What Employers Should Know About Weather Related Absences

This post was contributed by Rick L. Etter, Esq., an Associate in McNees Wallace & Nurick LLC's Labor and Employment Group.

Given the increase in major weather events that have impacted Pennsylvania recently, including high winds and substantial flooding, employers should consider the following issues that may arise when closings, delays, and absences are caused by inclement weather.

Must employees be paid when the business is closed because of inclement weather?

Nonexempt employees need not be paid for time when they do not work because the business is closed. Exempt employees must be paid their salary for the week regardless of the business closing. An employer may require exempt employees to use accrued paid time off.

Must employees be paid if they don’t report to work due to inclement weather when the business is open?

Nonexempt employees need not be paid for the time they are absent from work. Exempt employees need not be paid for a whole day absence taken due to inclement weather. An exempt employee absent for part of a day may be required to use accrued paid time off. However, if the exempt employee has no accrued paid time off, his or her salary may not be docked for a partial day absence.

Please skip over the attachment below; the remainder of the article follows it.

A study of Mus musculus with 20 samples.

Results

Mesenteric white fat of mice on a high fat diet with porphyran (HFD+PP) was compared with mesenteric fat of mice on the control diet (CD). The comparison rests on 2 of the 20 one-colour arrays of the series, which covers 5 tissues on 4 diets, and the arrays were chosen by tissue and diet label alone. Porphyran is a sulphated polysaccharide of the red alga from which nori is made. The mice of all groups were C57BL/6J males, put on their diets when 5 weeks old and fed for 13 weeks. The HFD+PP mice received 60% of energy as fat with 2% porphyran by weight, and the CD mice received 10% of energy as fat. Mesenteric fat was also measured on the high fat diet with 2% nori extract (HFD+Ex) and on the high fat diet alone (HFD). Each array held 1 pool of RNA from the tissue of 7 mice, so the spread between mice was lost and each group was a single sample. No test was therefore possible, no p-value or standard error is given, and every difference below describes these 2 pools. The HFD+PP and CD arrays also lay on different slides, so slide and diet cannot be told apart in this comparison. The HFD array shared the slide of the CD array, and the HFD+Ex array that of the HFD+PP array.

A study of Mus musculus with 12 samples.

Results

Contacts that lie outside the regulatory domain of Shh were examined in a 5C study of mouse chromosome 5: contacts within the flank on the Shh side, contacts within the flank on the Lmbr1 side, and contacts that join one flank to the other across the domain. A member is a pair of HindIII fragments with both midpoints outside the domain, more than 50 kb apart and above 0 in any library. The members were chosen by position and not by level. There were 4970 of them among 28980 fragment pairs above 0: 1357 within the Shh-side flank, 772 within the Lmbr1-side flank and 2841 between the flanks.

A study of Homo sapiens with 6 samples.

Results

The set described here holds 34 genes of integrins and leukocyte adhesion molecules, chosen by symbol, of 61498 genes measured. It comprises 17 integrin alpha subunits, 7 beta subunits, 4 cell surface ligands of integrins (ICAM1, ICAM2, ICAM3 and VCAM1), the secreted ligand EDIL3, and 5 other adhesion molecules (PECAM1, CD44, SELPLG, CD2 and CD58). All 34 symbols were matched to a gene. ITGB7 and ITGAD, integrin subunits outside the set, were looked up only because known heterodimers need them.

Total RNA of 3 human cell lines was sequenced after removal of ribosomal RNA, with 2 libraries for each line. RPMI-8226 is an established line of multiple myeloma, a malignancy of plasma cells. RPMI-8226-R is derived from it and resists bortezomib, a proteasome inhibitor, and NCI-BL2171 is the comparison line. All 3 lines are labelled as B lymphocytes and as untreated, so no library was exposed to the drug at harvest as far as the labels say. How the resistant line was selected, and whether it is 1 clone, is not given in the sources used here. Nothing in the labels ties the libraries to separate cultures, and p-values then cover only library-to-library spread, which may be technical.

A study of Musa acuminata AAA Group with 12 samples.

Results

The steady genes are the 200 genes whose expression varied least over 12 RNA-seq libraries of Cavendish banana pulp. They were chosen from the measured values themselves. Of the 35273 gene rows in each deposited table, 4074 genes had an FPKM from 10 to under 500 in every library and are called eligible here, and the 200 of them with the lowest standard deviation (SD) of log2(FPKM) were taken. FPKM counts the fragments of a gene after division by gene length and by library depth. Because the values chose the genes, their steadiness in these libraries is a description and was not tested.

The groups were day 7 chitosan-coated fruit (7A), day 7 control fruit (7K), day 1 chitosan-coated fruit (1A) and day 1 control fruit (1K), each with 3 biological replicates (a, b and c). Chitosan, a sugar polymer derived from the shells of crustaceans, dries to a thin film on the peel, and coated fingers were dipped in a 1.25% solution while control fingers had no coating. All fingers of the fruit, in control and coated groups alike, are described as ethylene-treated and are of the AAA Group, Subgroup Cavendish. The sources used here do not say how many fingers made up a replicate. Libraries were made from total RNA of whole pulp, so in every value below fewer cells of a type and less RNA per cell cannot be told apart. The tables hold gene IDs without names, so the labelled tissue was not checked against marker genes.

May an employee be disciplined or discharged for failing to report to work due to weather conditions when the business is open?

An employer may generally apply its normal attendance policy to weather related absences. However, there is one major exception. Under Pennsylvania law, an employer may not discipline or discharge an employee who fails to report to work due to the closure of the roads in the county of the employer's place of business or the county of the employee's residency, if the road closure is the result of a state of emergency. The law does not apply to the following jobs: drivers of emergency vehicles, essential corrections personnel, police, emergency service personnel, hospital and nursing home staffs, pharmacists, essential health care professionals, public utility personnel, employees of radio or television stations engaged in the gathering and dissemination of news, road crews and oil and milk delivery personnel.